ATHENS – Repeating what it has said incessantly to no avail, Greece’s Foreign Ministry said Greece is undercutting stability in the Aegean and East Mediterranean as Turkish President Recep Tayyip Erdogan has moved to gain more control of the seas, disputing sovereignty.
“[Turkey] once more insists on not recognizing the Republic of Cyprus, which is a member of the EU and the UN, on not recognizing the sovereign rights of the Greek islands, (and) on blatantly violating the International Law of the Sea,” the ministry said.
That was in response to Turkey’s permanent representative to the United Nations, Feridun Sinirlioglu, presenting a document with the coordinates based on a deal Turkey signed with Libya, dividing the seas between them.
Greece has fiercely contested the legality of the agreement as Erdogan said under the deal he would send energy ships to drill off Crete as he has already done off Cyprus, with the UN doing nothing to stop him.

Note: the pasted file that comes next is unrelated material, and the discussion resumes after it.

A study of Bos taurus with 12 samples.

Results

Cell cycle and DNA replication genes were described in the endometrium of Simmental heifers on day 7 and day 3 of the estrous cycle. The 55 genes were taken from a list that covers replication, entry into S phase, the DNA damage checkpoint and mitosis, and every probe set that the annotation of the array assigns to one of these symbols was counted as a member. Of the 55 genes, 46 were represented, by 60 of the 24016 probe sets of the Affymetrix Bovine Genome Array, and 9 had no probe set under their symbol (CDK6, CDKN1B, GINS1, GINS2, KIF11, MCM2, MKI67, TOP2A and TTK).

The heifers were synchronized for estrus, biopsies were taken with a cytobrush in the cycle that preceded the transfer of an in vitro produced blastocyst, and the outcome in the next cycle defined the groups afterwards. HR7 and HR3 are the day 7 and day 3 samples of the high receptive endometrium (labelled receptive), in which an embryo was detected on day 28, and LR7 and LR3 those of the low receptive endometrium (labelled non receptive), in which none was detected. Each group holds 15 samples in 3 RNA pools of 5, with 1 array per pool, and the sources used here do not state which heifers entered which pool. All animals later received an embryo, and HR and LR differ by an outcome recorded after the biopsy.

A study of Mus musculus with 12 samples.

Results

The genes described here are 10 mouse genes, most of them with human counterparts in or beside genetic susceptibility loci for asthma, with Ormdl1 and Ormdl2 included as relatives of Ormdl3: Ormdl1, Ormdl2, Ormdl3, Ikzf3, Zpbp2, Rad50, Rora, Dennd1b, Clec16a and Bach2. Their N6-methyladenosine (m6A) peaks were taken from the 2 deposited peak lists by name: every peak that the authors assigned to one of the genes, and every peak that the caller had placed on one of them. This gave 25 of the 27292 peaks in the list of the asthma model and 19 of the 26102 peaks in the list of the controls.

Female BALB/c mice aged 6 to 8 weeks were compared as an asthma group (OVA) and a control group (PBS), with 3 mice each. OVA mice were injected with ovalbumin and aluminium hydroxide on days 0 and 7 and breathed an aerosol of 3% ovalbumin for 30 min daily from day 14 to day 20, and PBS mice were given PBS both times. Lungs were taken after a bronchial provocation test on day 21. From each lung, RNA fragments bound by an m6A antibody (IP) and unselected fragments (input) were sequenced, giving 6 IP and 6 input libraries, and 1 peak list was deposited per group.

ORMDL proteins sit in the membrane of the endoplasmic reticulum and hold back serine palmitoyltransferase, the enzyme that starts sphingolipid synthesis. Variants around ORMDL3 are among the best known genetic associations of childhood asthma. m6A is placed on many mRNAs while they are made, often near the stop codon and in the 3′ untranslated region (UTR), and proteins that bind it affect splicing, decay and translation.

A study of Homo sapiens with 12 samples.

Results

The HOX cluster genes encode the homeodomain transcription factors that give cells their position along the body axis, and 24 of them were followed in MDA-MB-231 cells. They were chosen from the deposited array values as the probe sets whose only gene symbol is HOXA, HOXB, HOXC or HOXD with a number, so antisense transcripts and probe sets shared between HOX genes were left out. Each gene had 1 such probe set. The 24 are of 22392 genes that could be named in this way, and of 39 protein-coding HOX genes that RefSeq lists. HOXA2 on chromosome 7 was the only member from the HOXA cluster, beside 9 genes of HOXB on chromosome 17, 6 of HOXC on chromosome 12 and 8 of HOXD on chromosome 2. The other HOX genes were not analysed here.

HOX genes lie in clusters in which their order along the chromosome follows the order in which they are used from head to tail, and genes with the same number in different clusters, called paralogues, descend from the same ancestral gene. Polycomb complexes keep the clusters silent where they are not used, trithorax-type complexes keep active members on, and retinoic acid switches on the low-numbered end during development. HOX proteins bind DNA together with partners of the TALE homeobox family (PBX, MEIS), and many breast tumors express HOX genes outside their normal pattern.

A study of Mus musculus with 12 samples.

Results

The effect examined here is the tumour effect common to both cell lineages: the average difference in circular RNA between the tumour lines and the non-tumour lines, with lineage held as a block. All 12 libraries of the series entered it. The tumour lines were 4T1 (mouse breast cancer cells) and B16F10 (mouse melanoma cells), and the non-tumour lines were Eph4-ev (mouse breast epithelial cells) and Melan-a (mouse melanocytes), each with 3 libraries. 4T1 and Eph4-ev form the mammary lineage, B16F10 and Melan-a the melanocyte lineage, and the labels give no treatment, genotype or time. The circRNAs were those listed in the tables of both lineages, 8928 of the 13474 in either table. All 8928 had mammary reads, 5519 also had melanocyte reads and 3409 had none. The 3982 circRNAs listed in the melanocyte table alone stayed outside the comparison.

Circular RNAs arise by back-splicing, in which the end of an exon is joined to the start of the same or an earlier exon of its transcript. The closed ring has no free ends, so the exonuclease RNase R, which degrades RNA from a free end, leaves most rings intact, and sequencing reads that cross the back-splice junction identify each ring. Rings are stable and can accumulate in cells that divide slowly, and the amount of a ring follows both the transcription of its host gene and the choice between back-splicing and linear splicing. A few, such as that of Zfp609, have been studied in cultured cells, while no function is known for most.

The European Union, afraid Erdogan will unleash on the bloc – through Greece – more refugees and migrants who went to Turkey fleeing war and strife, has issued only soft sanctions over the Cyprus drilling and tweeted support for Greece but not backed it up.
Turkey doesn’t recognize Cyprus, a member of the EU that Turkey has been trying to join since 2005, and bars its ships and planes. Turkey also doesn’t recognize the UN’s Law of the Sea but is now trying to invoke it to support the Libya deal.
The ministry said Greece will “continue to respect international law as the cornerstone of peace and stability across the world.”
“It continues to demand respect for the islands’ sovereign right to a continental shelf and Exclusive Economic Zone (EEZ) and to emphasize that illegal and invalid agreements do not produce any legal effect,” it said. All that has done nothing to stop Erdogan from doing what he wants, seeing no other stronger response.